The Seven Minute Workout

I’m a huge fan of weighlifting, but sometimes, working out with free weights isn’t possible. Maybe you don’t have regular access to a gym, or equipment at home. Maybe you’re on the road. Or maybe, you’re still working up the courage to go to that part of the crowded gym where everybody looks like they know what they’re doing.

(Appearances are everything: the majority of guys I see at the gym actually have terrible form).

I’ve spent several periods of my life living overseas, and didn’t always have access to a gym. Before one of these periods (and long before I had discovered weightlifting), I downloaded a few 60-minute videos, a mixture of traditional cardio and strength, thinking that I would do these workouts in my room. And I did.


Over a five-month period.

Part of the problem was my lack of discipline, but part of it was logistics. To give myself enough space, I perched my laptop out of kicking range. Unfortunately, out of kicking range meant out of visual range, and I had trouble actually seeing the video and following along. So I stopped.

Instead, I devised another program based on the Tabata principle, established by the Japanese exercise scientist, Dr. Izumi Tabata. Tabata’s research compared people who worked out 5 days per week, for a total of 1 hour (Group A), with people who worked out 4 days per week, for a total of 4 minutes and 20 seconds (Group B).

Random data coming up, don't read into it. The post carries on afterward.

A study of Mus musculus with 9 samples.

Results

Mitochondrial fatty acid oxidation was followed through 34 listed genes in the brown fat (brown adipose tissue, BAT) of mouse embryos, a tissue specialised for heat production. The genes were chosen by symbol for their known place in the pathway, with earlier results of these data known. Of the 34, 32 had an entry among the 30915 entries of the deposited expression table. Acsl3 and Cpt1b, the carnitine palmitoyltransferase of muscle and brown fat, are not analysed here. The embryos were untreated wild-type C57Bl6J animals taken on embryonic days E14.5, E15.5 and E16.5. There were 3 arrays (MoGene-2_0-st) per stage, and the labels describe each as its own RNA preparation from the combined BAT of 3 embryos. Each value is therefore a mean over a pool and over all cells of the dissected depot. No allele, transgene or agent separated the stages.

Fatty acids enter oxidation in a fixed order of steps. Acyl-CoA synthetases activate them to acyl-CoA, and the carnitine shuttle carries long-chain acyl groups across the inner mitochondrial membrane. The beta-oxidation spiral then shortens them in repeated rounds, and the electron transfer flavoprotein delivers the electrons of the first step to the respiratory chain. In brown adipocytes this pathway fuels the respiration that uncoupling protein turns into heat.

The results?

Group B beat Group A in terms of their aerobic or cardiovascular system. Moreover, unlike Group A, Group B also increased their anaerobic or muscular system by 28%. A short burst of high intensity exercise was more effective than more frequent, longer rounds of cardio.

Like Tabata’s protocol, my workout requires that you safely push yourself as hard as you can.

Jump squats
20 seconds: Do as many as you can.
10 seconds: Rest.

Repeat 6 times.

20 seconds: Do as many seconds as you can.
10 seconds: Rest.

Repeat 6 times.

1 minute: Hold a plank as long as you can, taking breaks when necessary.

Done. That’s it.

Time flies when you’re doing this workout because it’s broken up into very small, manageable intervals.

When I finally returned to North America, and tried out the weight machines at the gym, I thought I would be weak. Surprisingly, this wasn’t the case. Despite not having touched a machine in many months, my strength had improved, and I felt more in shape than I had before I left.

Are you up to the Tabata challenge? Try it once and let me know how it goes.